Google CEO Says He Has No Plans To Split Stock, Buy Dow Jones

Google's stock price has been lagging the overall market so far, but that didn't seem to bother several hundred mostly festive shareholders who attended the online search leader's annual meeting Thursday.

About the only letdown during the 75-minute session came when Google Chairman Eric Schmidt said the company has no plans to split its stock, reiterating a stand that the board has consistently taken. The question comes up frequently because of Google's lofty stock price, which finished Thursday at $461.47.

But Google shares haven't fared so well so far this year, gaining just 99 cents, or 0.2%, since the end of 2006. Meanwhile, the bellwether Dow Jones Industrial Average has climbed 6%, while the Standard Poor's 500 index - of which Google is a component - has increased 5%

In other comments to reporters, Schmidt said Google has no interest in entering the bidding for Dow Jones or Reuters Group , which both received takeover offers this month. He also predicted the company would clear all the necessary regulatory hurdles to complete its planned $3.1 billion acquisition of Internet ad distributor DoubleClick Inc. by the end of this year.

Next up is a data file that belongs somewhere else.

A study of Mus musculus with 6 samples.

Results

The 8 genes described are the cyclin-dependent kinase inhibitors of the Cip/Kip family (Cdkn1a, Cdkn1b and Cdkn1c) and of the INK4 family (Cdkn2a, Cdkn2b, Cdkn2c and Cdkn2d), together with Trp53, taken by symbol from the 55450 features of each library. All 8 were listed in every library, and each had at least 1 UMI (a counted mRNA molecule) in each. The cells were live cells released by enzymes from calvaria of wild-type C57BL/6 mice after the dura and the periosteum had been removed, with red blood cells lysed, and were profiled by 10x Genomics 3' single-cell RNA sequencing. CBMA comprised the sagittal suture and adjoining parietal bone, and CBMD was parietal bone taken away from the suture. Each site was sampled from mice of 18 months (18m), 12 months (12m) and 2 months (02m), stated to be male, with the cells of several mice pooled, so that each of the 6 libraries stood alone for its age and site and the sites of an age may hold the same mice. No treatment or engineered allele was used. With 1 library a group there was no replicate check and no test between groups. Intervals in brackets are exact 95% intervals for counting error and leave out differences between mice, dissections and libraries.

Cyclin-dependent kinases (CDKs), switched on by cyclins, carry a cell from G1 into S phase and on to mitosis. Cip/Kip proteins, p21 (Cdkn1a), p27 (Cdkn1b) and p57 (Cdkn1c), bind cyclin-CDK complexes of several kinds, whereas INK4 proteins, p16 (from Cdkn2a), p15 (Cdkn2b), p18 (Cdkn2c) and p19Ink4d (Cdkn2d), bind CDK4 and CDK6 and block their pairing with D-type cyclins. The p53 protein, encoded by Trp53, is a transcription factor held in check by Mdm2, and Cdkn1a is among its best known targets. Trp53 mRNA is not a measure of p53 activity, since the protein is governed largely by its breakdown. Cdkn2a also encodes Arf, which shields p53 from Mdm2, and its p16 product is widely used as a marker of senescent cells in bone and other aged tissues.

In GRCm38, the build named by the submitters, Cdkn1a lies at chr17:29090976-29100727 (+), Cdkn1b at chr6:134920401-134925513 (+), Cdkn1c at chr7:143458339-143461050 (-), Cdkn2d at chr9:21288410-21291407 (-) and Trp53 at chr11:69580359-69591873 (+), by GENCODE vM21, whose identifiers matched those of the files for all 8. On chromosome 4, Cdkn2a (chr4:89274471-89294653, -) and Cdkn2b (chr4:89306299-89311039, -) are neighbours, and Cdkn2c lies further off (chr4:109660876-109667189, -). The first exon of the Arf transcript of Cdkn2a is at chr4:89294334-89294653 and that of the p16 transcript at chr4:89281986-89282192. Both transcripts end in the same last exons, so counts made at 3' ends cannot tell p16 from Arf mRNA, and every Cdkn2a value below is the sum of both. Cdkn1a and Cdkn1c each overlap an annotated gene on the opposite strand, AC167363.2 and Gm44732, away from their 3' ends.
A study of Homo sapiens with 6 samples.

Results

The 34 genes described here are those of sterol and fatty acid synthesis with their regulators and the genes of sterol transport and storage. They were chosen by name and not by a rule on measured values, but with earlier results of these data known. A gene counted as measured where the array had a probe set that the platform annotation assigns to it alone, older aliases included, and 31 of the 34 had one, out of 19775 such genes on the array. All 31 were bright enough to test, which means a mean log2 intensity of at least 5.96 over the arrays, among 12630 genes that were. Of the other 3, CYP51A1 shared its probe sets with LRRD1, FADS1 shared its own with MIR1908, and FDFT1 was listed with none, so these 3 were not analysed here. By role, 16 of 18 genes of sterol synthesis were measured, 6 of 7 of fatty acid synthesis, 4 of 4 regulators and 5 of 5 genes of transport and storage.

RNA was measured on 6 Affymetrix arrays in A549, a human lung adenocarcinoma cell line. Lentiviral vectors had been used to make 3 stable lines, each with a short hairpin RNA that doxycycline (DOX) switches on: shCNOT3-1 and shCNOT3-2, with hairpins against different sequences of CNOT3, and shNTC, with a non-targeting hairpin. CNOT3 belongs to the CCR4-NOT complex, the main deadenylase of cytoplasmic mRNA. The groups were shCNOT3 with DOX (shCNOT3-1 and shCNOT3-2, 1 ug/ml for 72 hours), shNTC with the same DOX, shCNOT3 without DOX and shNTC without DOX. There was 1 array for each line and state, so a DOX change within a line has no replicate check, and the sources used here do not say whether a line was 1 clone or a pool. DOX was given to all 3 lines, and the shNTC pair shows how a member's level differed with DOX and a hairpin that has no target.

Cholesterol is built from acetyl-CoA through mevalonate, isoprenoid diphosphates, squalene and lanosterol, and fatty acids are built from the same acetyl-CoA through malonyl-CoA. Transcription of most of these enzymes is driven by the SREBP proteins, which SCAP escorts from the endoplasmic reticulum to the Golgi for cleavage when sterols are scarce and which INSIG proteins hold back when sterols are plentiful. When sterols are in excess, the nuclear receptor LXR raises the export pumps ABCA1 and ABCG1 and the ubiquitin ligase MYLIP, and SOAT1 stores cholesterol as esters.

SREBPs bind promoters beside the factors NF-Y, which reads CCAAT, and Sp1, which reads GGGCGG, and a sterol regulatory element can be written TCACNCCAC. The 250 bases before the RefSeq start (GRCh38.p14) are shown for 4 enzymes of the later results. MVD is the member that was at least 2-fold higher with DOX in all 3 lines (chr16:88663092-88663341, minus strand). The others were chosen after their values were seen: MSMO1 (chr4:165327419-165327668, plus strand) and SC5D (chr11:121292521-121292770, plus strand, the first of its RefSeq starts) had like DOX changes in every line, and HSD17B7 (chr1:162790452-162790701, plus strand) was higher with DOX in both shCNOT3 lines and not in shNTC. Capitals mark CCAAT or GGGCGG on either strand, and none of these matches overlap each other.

Preserving Google's famously collegiate atmosphere while also expanding into new markets represents the company's biggest challenge, Schmidt told reporters during a question-and-answer session held before the annual meeting.

Google has hired nearly 10,000 employees since the end of 2004 and still expects to add thousands of more workers before this year is over.

"In the last year, my biggest worry has been scaling the business," Schmidt said. "When you grow this quickly, you are bringing in employees who believe they understand the Google vision, but there is always the possibility you will lose the formula."

Google's expansion has been fueled by its dominant position in the rapidly growing Internet ad market, which is expected to propel the company's annual revenue beyond $15 billion in just its 10th year in business.

Hoping to extend its success off-line, Google also is trying to use its automated approach to marketing to place ads in radio, television and newspapers. Schmidt told shareholders Thursday that this should be a "breakout" year for Google's push into radio advertising.

Google's stock was inactive in the premarket Friday.